Vessels discovered in a Scythian grave mound contained traces of opium
and marijuana, confirming the claim of an ancient historian.
They ruled the vast grasslands of Eurasia
for a thousand years, striking fear into the hearts of the ancient
Greeks and Persians. But they left no cities or settlements behind, only
massive grave mounds, called kurgans, dotting the steppes from Mongolia
to the Black Sea.
Now one of those kurgans, located in the Caucasus Mountains of
southern Russia, has yielded an intriguing discovery: golden artifacts
that are shedding light on the shadowy world of the Scythians, fierce
nomads whose exploits—and drug-fueled rituals—were chronicled by the
Greek historian Herodotus.
"It's a once-in-a-century discovery," says Anton Gass, an archaeologist at the Prussian Cultural Heritage Foundation in Berlin. "These are among the finest objects we know from the region."
The find—kept secret until now to protect it from looters—first came
to light in the summer of 2013, when Stavropol-based archaeologist
Andrei Belinski began excavating the kurgan, called Sengileevskoe-2, to
clear the way for a power-line project.
A black residue inside the vessels came back positive for opium and cannabis.
At first Belinski wasn't optimistic about finding much inside, as
there were telltale signs that the kurgan had been plundered in the
past. But a few weeks into the excavation, his team came across a thick
layer of clay. Digging underneath, they discovered a rectangular chamber
lined with broad, flat stones. Inside was something the looters somehow
had missed: golden treasures placed there 2,400 years ago.
The chamber contained two bucket-shaped gold vessels, each placed
upside down. Inside were three gold cups, a heavy gold finger ring, two
neck rings, and a gold bracelet. In all, the well-preserved gold
artifacts weighed nearly seven pounds (3.2 kilos).
"It was definitely a surprise for us," Belinski says. "We weren't expecting to find anything like this."
Belinski asked criminologists in nearby Stavropol to analyze a black
residue inside the vessels. The results came back positive for opium and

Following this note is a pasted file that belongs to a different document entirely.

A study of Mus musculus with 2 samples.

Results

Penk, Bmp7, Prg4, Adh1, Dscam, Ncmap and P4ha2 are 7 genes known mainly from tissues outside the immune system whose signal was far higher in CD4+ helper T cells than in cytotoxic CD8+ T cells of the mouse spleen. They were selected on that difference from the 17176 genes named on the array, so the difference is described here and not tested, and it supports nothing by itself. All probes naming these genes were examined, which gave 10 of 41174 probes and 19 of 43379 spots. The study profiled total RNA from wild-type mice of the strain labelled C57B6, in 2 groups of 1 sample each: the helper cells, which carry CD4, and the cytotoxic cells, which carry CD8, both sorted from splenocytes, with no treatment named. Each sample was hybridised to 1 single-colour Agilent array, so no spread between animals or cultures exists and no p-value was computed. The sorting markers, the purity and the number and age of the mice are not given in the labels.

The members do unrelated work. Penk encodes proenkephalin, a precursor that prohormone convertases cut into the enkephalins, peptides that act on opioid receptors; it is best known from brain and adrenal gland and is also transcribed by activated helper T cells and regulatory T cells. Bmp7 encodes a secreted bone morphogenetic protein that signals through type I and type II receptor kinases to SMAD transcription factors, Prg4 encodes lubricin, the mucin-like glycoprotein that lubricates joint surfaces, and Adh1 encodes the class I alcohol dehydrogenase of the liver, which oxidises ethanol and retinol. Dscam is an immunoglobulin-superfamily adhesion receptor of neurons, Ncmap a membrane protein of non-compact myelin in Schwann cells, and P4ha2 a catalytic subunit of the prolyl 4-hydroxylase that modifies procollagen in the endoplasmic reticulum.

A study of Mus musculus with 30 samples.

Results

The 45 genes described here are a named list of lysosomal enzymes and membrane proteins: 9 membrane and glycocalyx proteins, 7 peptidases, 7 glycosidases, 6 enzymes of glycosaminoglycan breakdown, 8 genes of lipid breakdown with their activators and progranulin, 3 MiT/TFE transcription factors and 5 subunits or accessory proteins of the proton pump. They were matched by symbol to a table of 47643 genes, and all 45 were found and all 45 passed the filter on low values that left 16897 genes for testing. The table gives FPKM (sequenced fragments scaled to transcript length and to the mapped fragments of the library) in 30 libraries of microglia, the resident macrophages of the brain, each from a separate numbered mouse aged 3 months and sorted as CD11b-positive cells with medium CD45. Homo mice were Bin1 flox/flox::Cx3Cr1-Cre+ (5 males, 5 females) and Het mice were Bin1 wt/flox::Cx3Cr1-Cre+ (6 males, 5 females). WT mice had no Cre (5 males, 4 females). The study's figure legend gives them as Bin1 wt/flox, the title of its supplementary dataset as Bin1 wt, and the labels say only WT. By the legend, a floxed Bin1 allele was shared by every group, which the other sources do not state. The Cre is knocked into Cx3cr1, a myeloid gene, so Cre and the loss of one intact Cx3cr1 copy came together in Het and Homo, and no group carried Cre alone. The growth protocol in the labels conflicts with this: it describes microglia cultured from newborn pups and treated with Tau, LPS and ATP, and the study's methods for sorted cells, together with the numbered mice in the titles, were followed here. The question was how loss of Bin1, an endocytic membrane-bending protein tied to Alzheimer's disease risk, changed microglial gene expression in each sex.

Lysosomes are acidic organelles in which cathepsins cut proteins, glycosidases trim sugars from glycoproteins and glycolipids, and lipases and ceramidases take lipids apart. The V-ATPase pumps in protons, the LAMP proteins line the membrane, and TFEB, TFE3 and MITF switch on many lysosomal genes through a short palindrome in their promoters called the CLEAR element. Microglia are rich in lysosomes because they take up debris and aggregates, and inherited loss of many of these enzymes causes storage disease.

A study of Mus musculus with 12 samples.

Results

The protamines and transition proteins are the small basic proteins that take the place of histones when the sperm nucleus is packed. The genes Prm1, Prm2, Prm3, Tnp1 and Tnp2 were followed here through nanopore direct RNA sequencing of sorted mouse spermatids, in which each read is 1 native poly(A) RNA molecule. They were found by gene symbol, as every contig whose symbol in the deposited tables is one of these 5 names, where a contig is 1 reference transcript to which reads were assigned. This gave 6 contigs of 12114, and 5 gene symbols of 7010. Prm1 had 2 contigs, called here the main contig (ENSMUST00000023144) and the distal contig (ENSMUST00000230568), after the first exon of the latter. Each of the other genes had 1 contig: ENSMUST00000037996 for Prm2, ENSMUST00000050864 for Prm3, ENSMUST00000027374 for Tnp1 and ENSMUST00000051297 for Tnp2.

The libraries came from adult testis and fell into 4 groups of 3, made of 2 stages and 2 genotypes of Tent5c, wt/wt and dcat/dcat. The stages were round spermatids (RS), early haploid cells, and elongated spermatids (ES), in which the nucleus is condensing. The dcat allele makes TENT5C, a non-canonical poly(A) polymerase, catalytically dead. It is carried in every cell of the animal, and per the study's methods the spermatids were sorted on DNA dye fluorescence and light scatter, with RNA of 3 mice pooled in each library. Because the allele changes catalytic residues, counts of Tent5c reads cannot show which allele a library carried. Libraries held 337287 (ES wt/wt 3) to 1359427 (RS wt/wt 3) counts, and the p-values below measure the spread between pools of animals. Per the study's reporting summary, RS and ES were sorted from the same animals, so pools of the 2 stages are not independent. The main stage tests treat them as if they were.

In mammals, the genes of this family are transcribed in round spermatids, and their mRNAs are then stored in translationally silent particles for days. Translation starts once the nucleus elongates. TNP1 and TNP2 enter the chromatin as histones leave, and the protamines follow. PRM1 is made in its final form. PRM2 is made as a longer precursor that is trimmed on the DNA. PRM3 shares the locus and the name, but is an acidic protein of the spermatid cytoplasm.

cannabis, confirming a practice first reported by Herodotus.
The Greek historian claimed that the Scythians used a plant to produce
smoke "that no Grecian vapour-bath can surpass … transported by the
vapor, [they] shout aloud."
I've never seen such a detailed representation of the clothing and weaponry of the Scythians.
Because the sticky residue was found on the inside of the vessels,
Belinski and Gass think they were used to brew and drink a strong opium
concoction, while cannabis was burning nearby. "That both drugs were
being used simultaneously is beyond doubt," Gass says.
Murder Scene or Metaphor?
Once the residue and dirt were cleaned off, the decoration on the
gold vessels shone through. One vessel shows an old, bearded man slaying
young warriors. The other is covered in mythological creatures:
Griffons rip apart a horse and a stag in a bleak landscape that Belinski
thinks represents the Scythian underworld.
To archaeologists, the information contained in the images on the
gold is exciting. From the warriors’ shoes to their haircuts, the
depictions are amazingly lifelike. "I've never seen such a detailed
representation of the clothing and weaponry of the Scythians," says
Belinski. "It's so detailed you can see how the clothing was sewn."
Gass thinks the scene of the old man slaying the young warriors could
be a reference to the "Bastard Wars" reported by Herodotus, who wrote
that Scythians spent 28 years on the warpath against neighboring Persia.
When they finally returned home, the marauders found intruders in their
tents—the bastard children of the Scythians' lonely wives and their
slaves. Perhaps the slaughter that ensued was deemed important enough to
commemorate in solid gold.
Belinski, however, thinks the representation is more metaphorical,
perhaps representing a power struggle after the death of a Scythian king
or ruler. "When a king died, there was chaos," he says. "The spirit
world was upset by the death of the king, and order had to be born
The central mound was fully excavated last fall. Though no other
artifacts were found, Gass and Belinski uncovered a network of trenches
and earthen rings around the mound that may have been part of a larger
Political tension in the region has put the project on hold, but
researchers hope to head into the field again soon. "It's like a
detective investigation. We don't understand it all, not immediately,"
says Gass. "We need to keep digging.